The first conference on Educational TV in the state of Oklahoma was held on November 19, 1951. This conference directed the State Regents for Higher Education to apply for the necessary educational television channels in Oklahoma. Accordingly, an application for a Construction Permit on Channel Thirteen in Oklahoma City was filed with the Commission on February 13, 1953.1
Subsequently, Governor Johnston Murray, and the Oklahoma Legislature created the Oklahoma Educational Television Authority. Channel Thirteen was assigned by the Federal Communications Commission to the Authority on December 2, 1953, with the call letters KETA. Immediately after the Oklahoma City station's approval, the Authority filed for another VHF allocation--Channel Eleven in Tulsa.
The FCC approved a Construction Permit for Channel Eleven on July 21, 1954. The station was assigned the call letters KOED. Although permission had been granted to construct the two educational stations, work was delayed because of lack of funds.
In early 1956 facilities and cash were made available from private and public sources which resulted in both ETV stations becoming operational. Oklahoma City publisher E. K. Gaylord contributed $50,000, the Oklahoma Legislature appropriated $540,000, and the Radio Corporation of America donated $13,000 worth of equipment.2 This was enough to get the KETA Oklahoma City station on the air in April of 1956. KOED in Tulsa had to wait somewhat longer before joining her sister station on the airwaves.
To augment the OETA, a Tulsa Educational Television Board was established by interested community leaders to assist in putting the Tulsa station on the air. Led by Tulsa lumberman Ira Crews, the TETB worked closely with Authority member Charles C. Mason, who, as superintendent of Tulsa public schools, was eager to see Channel Eleven become operable. The turning point for KOED came when KOTV offered to provide space on its tower for KOED's antenna and transmission lines. KOTV also donated one-half of their transmitter building to the educational station.3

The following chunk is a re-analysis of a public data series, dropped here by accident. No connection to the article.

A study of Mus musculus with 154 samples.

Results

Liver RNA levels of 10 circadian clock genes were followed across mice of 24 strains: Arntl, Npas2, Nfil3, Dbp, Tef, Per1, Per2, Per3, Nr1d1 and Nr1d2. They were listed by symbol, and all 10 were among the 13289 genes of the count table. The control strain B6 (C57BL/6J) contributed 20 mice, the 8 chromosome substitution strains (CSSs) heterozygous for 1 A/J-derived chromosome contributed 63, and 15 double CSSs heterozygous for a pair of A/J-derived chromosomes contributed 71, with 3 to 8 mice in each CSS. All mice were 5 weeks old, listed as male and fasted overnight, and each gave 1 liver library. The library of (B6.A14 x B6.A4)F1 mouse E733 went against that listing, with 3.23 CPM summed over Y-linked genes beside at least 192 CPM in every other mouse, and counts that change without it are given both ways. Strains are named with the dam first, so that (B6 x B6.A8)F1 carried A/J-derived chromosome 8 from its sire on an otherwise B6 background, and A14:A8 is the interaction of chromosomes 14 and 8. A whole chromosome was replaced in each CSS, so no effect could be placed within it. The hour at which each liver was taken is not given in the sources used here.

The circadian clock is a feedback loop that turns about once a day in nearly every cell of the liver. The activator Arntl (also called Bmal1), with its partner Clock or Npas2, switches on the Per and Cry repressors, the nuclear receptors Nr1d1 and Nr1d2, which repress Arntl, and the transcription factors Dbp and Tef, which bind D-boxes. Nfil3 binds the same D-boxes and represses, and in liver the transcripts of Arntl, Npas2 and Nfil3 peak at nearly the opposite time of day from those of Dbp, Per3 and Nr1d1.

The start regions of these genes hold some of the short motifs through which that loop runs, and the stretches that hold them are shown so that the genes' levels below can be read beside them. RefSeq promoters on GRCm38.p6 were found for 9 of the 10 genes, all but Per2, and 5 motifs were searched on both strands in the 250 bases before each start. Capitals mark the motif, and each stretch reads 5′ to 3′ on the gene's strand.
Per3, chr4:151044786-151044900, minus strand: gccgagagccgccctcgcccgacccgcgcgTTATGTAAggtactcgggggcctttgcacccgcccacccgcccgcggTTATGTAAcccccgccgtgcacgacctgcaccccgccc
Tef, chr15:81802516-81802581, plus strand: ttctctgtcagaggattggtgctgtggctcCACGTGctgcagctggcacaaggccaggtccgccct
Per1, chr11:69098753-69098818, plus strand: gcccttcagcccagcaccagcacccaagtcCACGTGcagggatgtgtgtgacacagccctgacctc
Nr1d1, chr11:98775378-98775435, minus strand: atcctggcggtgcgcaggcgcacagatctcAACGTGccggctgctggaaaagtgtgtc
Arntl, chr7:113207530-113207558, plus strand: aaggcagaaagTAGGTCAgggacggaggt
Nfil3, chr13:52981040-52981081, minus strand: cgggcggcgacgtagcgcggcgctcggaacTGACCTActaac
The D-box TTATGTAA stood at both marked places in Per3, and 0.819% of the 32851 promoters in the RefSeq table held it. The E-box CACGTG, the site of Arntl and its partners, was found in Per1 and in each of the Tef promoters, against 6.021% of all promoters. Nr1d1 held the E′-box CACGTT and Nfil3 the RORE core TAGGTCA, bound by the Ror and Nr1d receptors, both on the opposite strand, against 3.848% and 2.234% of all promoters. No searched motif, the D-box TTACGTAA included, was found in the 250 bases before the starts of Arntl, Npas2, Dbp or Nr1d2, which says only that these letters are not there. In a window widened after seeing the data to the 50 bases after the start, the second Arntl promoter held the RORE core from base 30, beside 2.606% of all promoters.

Since January 12, 1959, KOED-TV, Channel Eleven, has been in continuous operation. The coverage area extends some 50 miles from the transmitter, which is located 4 miles north of Sand Springs on Big Heart Mountain.4
At the present time, KOED receives the KETA signal on its microwave relay equipment, resulting in a simultaneous broadcast of the same material by both stations. The two stations combine to provide 60 per cent of the state's population with all possible types of educational televising, from films to lectures, being utilized.
KOED programs more than 60 hours each week from August through May. John W. Dunn, Director of ETV, does not believe this amount will increase until other requirements are met. Recently, the OETA applied to the FCC for an increase in power which will permit transmission of color programs. Dunn is also enlisting the support of the community antenna systems of Oklahoma to include ETV in their service to outlying communities.
Dunn produces 85 per cent of KOED's programs locally with the help of three part-time engineers. He anticipates color programming to begin prior to the 1968 season. In line with this development, Dunn is hopeful of establishing production centers at Stillwater and Tulsa to take advantage of greater programming opportunities. Dunn frankly would like te see more participation by the state's universities in educational television.5
At this writing, no person has expressed an interest in activating Channel Thirty-Five.6
2 Tulsa Tribune, April 22, 1957.
3 Tulsa Tribune, July 3, 1956.
4 Tulsa Tribune, January 12, 1959.
5 Letter from John W. Dunn, Director of ETV in Oklahoma, March 7, 1967
6 Letter from Ben F. Waple, Secretary of the FCC, April 3, 1967.